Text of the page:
This Acadian-Cajun Christmas Revels lets the good times roll
By Jeffrey Gantz GLOBE CORRESPONDENT DECEMBER 12, 2016
Photo by ROGER IDE
“The Christmas Revels: An Acadian-Cajun Celebration of the Winter Solstice” follows the Acadian people from Canada to Louisiana.
CAMBRIDGE — In 2004, “The Christmas Revels” traveled to Quebec for a celebration complete with “The Legend of the Flying Canoe” — and the canoe actually did fly, like Peter Pan, over the Sanders Theatre audience. For the 2016 edition, Revels is returning to northeastern Canada, this time to tell the story of the French-speaking Acadian people who were deported from the Canadian maritime provinces in the 18th century. Many of them wound up in Louisiana, where “Acadians” became “Cajuns.” There’s no flying canoe in “The Christmas Revels: An Acadian-Cajun Celebration of the Winter Solstice,” but there are flying feet.
Jeremy Barnett’s set is a simple one: some fish nets, or perhaps sails, as a backdrop, with a few oars thrown in, a number of large rocks, and, center stage, a giant gnarled oak tree whose sprawling branches suggest the diaspora of the Acadians. Heidi Hermiller’s period costumes include tricorners or red stocking caps for the men and white bonnets for the ladies.
Fortune smiles on these people at first: narrators Josée Vachon and Noni Lewis describe how they caught fish and drained the salt marshes to create farmland. There are folk songs and carols; “Les anges dans nos campagnes,” we learn, was a French noël before it got translated into English as “Angels We Have Heard on High.” The Petits Voyageurs Children put on a Nativity pageant and present a number, “La rose au bois” (“The Rose in the Woods”), where girls attract boys by sweeping the house clean so the boys will come and dance. We hear that in Puritan New England, you can be fined five shillings for singing carols at Christmas. (This may explain why there has never been a Puritan “Christmas Revels”!) But there’s no want of singing in Acadia, or dancing, with fiddle player Lisa Ornstein leading foot-stomping reels and a quadrille.
Then politics intervenes, as the Acadians are caught between the British and the French and expelled from the home they created. Keith Murphy sings a wrenching “Le départ du Canada” (“The Leaving of Canada”) as the exiles trudge across the stage and lighting director Jeff Adelberg engulfs the oak in flames. A French horn even turns the opening bars of “The Lord of the Dance” into a dirge.The second half of the show finds the Acadians on the road, to the walking song “Grain de mil” (“Millet Seed”), whose tongue-twisting lyrics give the performers no problem. Eventually they make their way to Louisiana, where the good times do indeed roll. The children act out a lullaby song involving hens of different colors (including green); Christmas is celebrated with the lilting “La valse cadienne de Noël” (“The Cajun Christmas Waltz”) but also with lots of two-stepping. A riotous Mardi Gras sequence features Melchior, Balthazar, and Caspar on horseback and a stuffed-animal chicken that gets thrown every which way by the audience before winding up in a pot.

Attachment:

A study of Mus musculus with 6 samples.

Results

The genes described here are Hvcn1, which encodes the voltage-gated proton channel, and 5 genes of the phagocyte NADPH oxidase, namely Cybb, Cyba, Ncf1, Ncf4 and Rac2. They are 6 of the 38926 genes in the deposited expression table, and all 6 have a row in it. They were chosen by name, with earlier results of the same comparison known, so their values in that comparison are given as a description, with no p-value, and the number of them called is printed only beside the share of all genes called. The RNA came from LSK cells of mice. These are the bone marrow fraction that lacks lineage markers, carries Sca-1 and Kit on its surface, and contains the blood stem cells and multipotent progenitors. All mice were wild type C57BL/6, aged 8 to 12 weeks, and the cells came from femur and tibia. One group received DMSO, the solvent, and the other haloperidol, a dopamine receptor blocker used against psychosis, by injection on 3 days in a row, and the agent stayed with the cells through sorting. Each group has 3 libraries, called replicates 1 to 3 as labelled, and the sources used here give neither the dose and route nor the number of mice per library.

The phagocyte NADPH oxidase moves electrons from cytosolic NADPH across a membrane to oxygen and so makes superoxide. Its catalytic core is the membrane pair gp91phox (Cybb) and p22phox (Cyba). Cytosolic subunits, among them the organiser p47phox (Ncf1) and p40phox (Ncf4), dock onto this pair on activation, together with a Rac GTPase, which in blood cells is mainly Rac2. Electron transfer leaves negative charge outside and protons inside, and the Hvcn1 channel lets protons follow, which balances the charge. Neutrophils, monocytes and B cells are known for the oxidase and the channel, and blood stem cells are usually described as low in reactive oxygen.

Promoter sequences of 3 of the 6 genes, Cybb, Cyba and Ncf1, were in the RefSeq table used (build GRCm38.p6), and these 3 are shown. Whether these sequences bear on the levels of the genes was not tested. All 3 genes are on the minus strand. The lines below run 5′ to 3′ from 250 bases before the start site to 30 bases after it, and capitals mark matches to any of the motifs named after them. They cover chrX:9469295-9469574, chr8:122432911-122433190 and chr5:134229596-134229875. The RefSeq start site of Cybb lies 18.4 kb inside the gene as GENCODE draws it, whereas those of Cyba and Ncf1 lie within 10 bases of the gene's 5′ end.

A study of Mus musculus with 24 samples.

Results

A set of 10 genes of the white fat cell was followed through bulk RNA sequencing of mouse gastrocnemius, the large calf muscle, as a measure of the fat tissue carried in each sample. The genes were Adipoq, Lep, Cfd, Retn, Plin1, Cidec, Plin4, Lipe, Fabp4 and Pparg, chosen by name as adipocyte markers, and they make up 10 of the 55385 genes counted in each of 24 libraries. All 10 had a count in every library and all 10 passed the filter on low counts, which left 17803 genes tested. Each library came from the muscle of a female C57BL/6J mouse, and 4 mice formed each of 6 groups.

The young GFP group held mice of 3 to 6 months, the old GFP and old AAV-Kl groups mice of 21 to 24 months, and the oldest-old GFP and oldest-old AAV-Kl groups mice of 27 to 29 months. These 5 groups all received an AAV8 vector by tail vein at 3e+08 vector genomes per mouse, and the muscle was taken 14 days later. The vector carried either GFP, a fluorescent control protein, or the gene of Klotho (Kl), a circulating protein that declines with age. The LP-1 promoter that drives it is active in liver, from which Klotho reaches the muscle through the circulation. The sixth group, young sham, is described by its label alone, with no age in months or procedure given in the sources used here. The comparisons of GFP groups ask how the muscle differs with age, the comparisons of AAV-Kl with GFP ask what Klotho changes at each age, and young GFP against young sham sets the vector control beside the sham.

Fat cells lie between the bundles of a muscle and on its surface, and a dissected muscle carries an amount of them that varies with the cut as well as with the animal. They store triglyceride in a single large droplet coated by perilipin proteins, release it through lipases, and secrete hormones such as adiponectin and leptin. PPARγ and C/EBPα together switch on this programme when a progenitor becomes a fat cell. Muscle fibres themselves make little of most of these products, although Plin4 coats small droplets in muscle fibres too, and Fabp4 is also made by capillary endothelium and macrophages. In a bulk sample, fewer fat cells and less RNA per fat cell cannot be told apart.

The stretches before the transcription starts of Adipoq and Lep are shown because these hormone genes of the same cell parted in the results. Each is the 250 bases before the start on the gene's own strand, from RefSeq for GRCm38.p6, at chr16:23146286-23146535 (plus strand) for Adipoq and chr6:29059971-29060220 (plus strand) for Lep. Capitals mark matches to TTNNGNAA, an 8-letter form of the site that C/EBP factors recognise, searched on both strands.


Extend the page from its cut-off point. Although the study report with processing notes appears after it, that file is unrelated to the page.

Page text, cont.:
No “Christmas Revels” is complete without a mummers’ play. In this Cajun version, after Room (Lewis), Hopping John (Lola May Williamson), and Père Noël (Edward Cheesman) have set the scene, King Rex (Ross MacDonald) enters to do battle with King Alligator (“Christmas Revels” master of ceremonies David Coffin), who describes his opponent as a “king-size tasty treat.” King Rex fires back by suggesting King Alligator has “small hands” and emerges victorious. Better still, when King Rex has to be resuscitated, Dr. John (Steven Barkhimer) arrives, complete with a back-up trio of three Dixiecups, and if his rendition of “Right Place Wrong Time” doesn’t revive the patient, his gris-gris cure surely will.
This “Christmas Revels” concludes with the singing of the Marian vespers hymn “Ave maris stella” (“Hail, Star of the Sea”), which is an unofficial Acadian national anthem, and then, as always, Susan Cooper’s poem “The Shortest Day” and “The Sussex Mummers’ Carol.” The program booklet is as informative as ever, but I wish there could have been room for translations of the French songs. (Most of the numbers in the show appear on the new disc “Valse de Noël,” whose booklet does provide translations.) When this Acadian-Cajun “Christmas Revels” is dancing, however — and it seems to be dancing all the time — no translation is needed.